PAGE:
All about felines!

The family Felidae, the "ultimate hunters" that are fully specialized in carnivorous lifestyles among mammals, consists of the members of the cat family. Currently, 40 species of wild cats have adapted to diverse environments on Earth and coexist with various creatures within different ecosystems.

In this exhibition, you can explore the fascinating world of the Felidae family based on the latest scientific research, featuring wild cats like lions and Pallas's cats, as well as domestic cats.

Through displays incorporating stuffed specimens, skeletal specimens, and videos, we show the bady features and wild behaviors of the Felidae family, which have evolved as "super-carnivores." We also provide detailed insights into the Japanese wild cats, Iriomote cat and Tsushima leopald cat, and their field research and conservation efforts.

Moreover, the exhibition offers an enjoyable learning experience about domestic cats as well. From their shared characteristics with wild cats to the latest research findings, visitors can explore and appreciate them through hans-on exhibits and models.

Don't miss your chance to come and see everything about fantastic world of cats.


Chapter1 Wild Cats of the World

The cat family, Felidae, originated in Eurasia approximately 30 million years ago. Over time, wild cats have adapted to various environments worldwide, and today, there are 40 species. The ancestors of Carnivora, which includes Felidae, appeared approximately 62 million years ago and evolved into various groups, including the Felidae and Canidae families. Among the carnivorous animals, Felidae specialized entirely in carnivory and became super-carnivores. As “super-hunters,” wild cats have bodies adapted to catching and eating their prey. Today, wild cats are the top predators in their ecosystems in a variety of environments worldwide. Although they all look like "cats," the bodies of each species have gradually changed, adapting to their respective environment in order to effectively capture the prey species inhabiting it.

1-1 The Origin and Evolution of Cats
1-2 Body Features and Function of Felidae
1-3 Diversity of Wild Cats
1-4 Communication and Society of Felidae
1-5 Wild Cats in Japan
1-6 Conservation of Wild Cats
Chapter2 Science of the Domestic Cat

Domestic cats came to live with humans in the distant past. This relationship began because humans wanted cats to live nearby to catch rats that were eating their important grain, and cats found it convenient to live in grain storehouses where there were many rats. It was beneficial to both species. This relationship has changed in various ways over its long history. The domestic cat has sometimes been treated as a god and sometimes as a devil's pawn. Now, in modern times, rats have been excluded from houses, and cats no longer need to catch them. A new partnership between humans and cats has begun. To continue this relationship as one that both species can enjoy, let's learn more about the domestic cat

2-1 Domestic Cats Living with Humans
2-2 The Domestic Cat as a Member of Wild Cats
2-3 Biology of the Domestic Cat
2-4 Frontiers of Cat Research


Special Exhibition Cat What Cool Hunters!

  • From Saturday, July 15th, 2023, to Monday, September 18th, 2023
    Closed on Mondays every week, July 18th (Tuesday), September 5th (Tuesday), 6th (Wednesday), and 15th (Friday).
    *However, the facility will be open on July 17th, August 14th, and September 18th.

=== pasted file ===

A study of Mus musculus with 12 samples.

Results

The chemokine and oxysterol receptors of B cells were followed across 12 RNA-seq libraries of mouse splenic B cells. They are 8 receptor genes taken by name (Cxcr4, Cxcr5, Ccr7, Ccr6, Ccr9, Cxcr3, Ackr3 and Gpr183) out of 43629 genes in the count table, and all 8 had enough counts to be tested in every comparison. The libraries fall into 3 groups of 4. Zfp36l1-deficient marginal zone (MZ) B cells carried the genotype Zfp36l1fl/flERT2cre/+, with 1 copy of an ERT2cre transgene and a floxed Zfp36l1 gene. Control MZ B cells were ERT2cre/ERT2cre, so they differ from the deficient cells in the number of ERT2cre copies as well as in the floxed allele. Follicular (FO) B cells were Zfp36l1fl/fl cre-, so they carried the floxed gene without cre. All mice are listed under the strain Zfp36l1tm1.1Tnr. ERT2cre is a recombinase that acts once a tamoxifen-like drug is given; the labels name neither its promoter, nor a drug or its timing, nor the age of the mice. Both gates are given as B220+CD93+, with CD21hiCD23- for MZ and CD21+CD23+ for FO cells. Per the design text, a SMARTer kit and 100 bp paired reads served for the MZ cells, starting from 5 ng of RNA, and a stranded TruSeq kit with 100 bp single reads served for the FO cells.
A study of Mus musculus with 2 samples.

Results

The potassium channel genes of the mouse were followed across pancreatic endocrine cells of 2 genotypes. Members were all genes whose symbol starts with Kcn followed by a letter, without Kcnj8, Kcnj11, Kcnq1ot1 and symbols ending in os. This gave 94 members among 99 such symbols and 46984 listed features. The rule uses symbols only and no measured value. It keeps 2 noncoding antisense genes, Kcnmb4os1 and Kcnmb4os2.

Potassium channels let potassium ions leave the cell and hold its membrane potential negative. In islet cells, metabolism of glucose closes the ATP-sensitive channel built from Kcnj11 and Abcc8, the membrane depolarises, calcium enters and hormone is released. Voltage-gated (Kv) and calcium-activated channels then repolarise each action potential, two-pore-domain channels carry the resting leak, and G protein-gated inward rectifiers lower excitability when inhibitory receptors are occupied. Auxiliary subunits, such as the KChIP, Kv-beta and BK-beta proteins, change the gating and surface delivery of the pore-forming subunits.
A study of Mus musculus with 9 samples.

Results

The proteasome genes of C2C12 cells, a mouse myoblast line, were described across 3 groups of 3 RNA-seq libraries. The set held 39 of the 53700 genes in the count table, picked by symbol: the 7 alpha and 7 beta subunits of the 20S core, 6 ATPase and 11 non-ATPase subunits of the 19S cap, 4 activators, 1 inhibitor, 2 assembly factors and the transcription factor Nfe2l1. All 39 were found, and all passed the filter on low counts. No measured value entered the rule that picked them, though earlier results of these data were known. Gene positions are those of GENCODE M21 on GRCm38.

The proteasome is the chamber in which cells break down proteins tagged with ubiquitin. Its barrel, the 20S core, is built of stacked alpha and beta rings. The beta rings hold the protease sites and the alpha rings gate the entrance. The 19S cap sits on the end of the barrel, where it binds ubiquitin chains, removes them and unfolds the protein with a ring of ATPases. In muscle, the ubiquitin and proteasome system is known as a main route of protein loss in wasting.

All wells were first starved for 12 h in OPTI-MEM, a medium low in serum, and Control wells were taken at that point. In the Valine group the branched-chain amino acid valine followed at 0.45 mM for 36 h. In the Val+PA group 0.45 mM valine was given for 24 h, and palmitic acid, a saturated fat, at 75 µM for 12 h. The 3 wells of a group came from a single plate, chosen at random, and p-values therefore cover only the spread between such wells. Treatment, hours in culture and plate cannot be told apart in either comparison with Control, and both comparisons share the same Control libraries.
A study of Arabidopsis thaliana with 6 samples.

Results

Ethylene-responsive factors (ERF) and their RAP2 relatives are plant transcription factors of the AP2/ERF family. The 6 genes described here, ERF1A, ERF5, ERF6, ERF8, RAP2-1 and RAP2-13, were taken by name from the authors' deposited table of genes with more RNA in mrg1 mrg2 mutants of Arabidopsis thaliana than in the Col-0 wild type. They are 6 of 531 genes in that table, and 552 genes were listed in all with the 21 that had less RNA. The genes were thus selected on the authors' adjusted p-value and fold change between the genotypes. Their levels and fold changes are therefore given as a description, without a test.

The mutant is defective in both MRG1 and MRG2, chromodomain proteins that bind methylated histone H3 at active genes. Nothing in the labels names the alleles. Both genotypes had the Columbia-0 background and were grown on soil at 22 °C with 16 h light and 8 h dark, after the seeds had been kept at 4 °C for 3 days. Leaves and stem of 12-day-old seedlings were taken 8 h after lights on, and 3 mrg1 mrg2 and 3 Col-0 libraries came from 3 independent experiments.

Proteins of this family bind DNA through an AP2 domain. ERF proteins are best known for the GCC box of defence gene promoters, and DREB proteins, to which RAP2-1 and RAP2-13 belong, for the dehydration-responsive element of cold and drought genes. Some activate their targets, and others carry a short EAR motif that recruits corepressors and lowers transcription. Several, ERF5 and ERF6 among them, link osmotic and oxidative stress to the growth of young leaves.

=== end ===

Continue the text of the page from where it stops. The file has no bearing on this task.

• 9:30 AM to 5:00 PM (last admission at 4:30 PM).
  • Nagoya City Science Museum, Event Hall, Basement 2nd Floor, Science and Technology Building.
  • General Admission: 1,800 yen, High School/College Students: 1,000 yen, Elementary/Middle School Students: 500 yen
  • Nagoya City Science Museum,The Yomiuri Shimbun.,Nagoya Broadcasting Network Co.,Ltd.
  • Kitakyushu Museum of Natural History & Human History
  • Iki City Board of education,Osaka Museum of Natural History,Kanagawa Prefectural Museum of Natural History,Iriomote Wildlife Conservation Center
    Tsushima Wildlife Conservation Center,Natural History Museum, Kishiwada City,National Museum of Nature and Science,Tokyo.,Ibaraki Nature Museum
  • Nagoya City Science Museum


General Admission
1,800 yen
High School/College Students
1,000 yen
Elementary/Middle School Students
500 yen
  • *Preschool children (under school age) have free admission.
  • *High school and college students need to show their student ID for the discounted rate.
  • *With the above-mentioned admission fees, you can access the exhibition rooms of the Nagoya City Science Museum, excluding the planetarium.
  • *Visitors with physical disability certificates or relevant proof can receive a 50% discount on the day's admission fee (applicable for up to two accompanying persons).
  • *Groups of 30 people or more receive a 100 yen discount from the day's admission fee.
  • *Visitors who used the following Nagoya City Transportation Bureau tickets on the day of their visit: "One-Day Pass," "Donichi Eco Ticket," or "Subway All-Line 24-Hour Pass" receive a 100 yen discount from the day's admission fee.
  • *Visitors who bring discount coupons with vouchers issued by the organizing committee receive a 100 yen discount from the day's admission fee.
  • *Discounts cannot be combined with other offers.


  • Nagoya City Science Museum
  • 〒460-0008 Nagoya-shi, Naka-ku, Sakae 2-17-1 (Geijutsu to Kagaku no Mori, Shirakawa Park)
  • TEL: 052-201-4486 FAX: 052-203-0788
  • 5-minute walk from Fushimi Station, on the Subway Higashiyama Line and Tsurumai Line, from exits
  • 4 and 5.
  • 5-minute walk from "Hirokoji Fushimi" bus stop, City Bus.
  • 5-minute walk from "Shirakawa Koen Mae" bus stop, Meitetsu Bus.
Please refer to the official website
Nagoya City Science Museum for detailed access information.